CARREFOUR SAID TO CANCEL SALE OF MALAYSIA, SINGAPORE AFTER UNITS REVIEW
Carrefour SA, the world’s second- largest retailer, canceled plans to sell its businesses in Malaysia and Singapore after a strategic review, according to a person familiar with the situation.
The Paris-based company decided it would create more value by keeping the units than by selling them, said the person, who declined to be named as the plans have yet to be disclosed.
Carrefour this week agreed to sell its business in Thailand to French rival Casino Guichard-Perrachon SA for 868 million euros ($1.17 billion) as part of a plan to focus on markets such as China and Latin America, where it may be in the top two. Some of the proceeds from that sale will be used to develop the business in Malaysia, the person said.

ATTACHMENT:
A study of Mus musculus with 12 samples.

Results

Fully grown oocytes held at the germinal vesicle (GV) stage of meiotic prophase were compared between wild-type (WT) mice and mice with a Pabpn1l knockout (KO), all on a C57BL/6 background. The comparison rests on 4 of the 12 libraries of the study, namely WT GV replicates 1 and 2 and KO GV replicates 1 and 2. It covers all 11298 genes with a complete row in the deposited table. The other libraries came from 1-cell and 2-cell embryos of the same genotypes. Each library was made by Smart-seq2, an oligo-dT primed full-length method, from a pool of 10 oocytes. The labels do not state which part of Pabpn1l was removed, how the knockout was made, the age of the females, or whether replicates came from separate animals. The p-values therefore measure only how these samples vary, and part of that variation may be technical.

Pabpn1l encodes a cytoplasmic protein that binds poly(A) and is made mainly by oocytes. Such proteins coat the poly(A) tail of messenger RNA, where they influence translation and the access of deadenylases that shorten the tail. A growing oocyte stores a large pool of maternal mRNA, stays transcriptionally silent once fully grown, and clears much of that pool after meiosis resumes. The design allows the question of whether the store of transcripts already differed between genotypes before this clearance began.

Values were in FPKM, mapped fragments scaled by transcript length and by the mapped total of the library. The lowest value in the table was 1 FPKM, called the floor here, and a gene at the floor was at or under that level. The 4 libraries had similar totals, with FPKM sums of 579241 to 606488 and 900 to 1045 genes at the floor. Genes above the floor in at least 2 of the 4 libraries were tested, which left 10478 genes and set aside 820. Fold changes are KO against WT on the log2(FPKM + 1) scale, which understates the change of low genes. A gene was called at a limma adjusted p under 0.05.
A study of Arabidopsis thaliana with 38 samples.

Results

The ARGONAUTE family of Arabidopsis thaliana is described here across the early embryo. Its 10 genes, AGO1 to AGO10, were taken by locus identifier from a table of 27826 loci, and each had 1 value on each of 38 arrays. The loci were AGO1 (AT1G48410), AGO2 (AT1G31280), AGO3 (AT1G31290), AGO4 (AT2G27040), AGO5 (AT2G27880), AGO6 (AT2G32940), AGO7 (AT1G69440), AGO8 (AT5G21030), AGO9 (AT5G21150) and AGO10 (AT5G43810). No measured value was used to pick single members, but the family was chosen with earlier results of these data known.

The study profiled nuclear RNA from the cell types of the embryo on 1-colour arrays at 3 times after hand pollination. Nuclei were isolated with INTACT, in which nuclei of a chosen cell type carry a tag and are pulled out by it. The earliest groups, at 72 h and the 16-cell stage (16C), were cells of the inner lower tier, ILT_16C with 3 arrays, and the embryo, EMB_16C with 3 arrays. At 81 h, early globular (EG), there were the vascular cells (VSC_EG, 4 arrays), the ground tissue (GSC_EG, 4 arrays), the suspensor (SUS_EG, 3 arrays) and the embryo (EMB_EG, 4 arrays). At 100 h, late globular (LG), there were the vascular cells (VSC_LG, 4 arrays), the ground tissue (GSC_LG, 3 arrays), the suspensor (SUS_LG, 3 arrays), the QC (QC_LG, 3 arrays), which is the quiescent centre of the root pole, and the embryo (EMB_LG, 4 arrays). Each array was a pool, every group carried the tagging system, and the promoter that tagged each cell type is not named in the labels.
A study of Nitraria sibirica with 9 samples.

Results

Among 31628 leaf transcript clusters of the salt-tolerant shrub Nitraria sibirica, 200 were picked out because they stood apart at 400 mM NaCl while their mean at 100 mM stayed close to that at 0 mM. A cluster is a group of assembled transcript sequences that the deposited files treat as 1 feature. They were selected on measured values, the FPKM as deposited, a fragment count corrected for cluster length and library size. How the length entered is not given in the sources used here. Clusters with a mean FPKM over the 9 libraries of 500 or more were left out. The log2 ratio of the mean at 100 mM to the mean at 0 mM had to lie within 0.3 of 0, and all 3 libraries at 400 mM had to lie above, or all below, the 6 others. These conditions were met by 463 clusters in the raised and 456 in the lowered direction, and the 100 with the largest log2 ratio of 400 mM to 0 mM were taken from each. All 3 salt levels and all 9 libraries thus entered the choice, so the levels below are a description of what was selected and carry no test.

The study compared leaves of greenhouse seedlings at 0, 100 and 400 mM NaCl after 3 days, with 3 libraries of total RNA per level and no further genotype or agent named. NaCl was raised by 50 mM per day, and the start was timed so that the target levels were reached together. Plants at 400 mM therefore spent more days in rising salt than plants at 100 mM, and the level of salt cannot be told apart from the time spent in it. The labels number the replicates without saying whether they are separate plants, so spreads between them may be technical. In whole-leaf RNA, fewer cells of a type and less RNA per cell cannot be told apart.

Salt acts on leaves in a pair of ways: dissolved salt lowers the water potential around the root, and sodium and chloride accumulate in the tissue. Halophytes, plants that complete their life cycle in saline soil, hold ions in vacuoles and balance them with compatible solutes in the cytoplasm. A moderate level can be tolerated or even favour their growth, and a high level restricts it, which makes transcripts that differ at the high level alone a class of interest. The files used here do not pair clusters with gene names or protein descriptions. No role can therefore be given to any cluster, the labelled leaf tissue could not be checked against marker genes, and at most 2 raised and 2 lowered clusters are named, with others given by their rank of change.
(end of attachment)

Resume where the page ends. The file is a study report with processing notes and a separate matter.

Carrefour’s Malaysian and Singapore operations may be valued at $350 million to $400 million, four people familiar with the matter said in July.
“If the offer price was very dilutive, it makes more sense to hang on to the assets,” Fabio Fazzari, an analyst at Equita Sim in Milan, said in a phone interview. “I don’t think this will have large repercussions for Carrefour or for the sector in general. Carrefour’s focus is on its hypermarket strategy.”
Lars Olofsson, Carrefour’s chief executive officer, has pinned the retailer’s turnaround on a $2 billion revamp of its hypermarket, or superstore, format in Europe during the next two years. Revenue growth has stagnated at the stores, which account for 40 percent of total sales, as consumers buy groceries closer to home or opt for department and specialty stores for apparel and beauty products.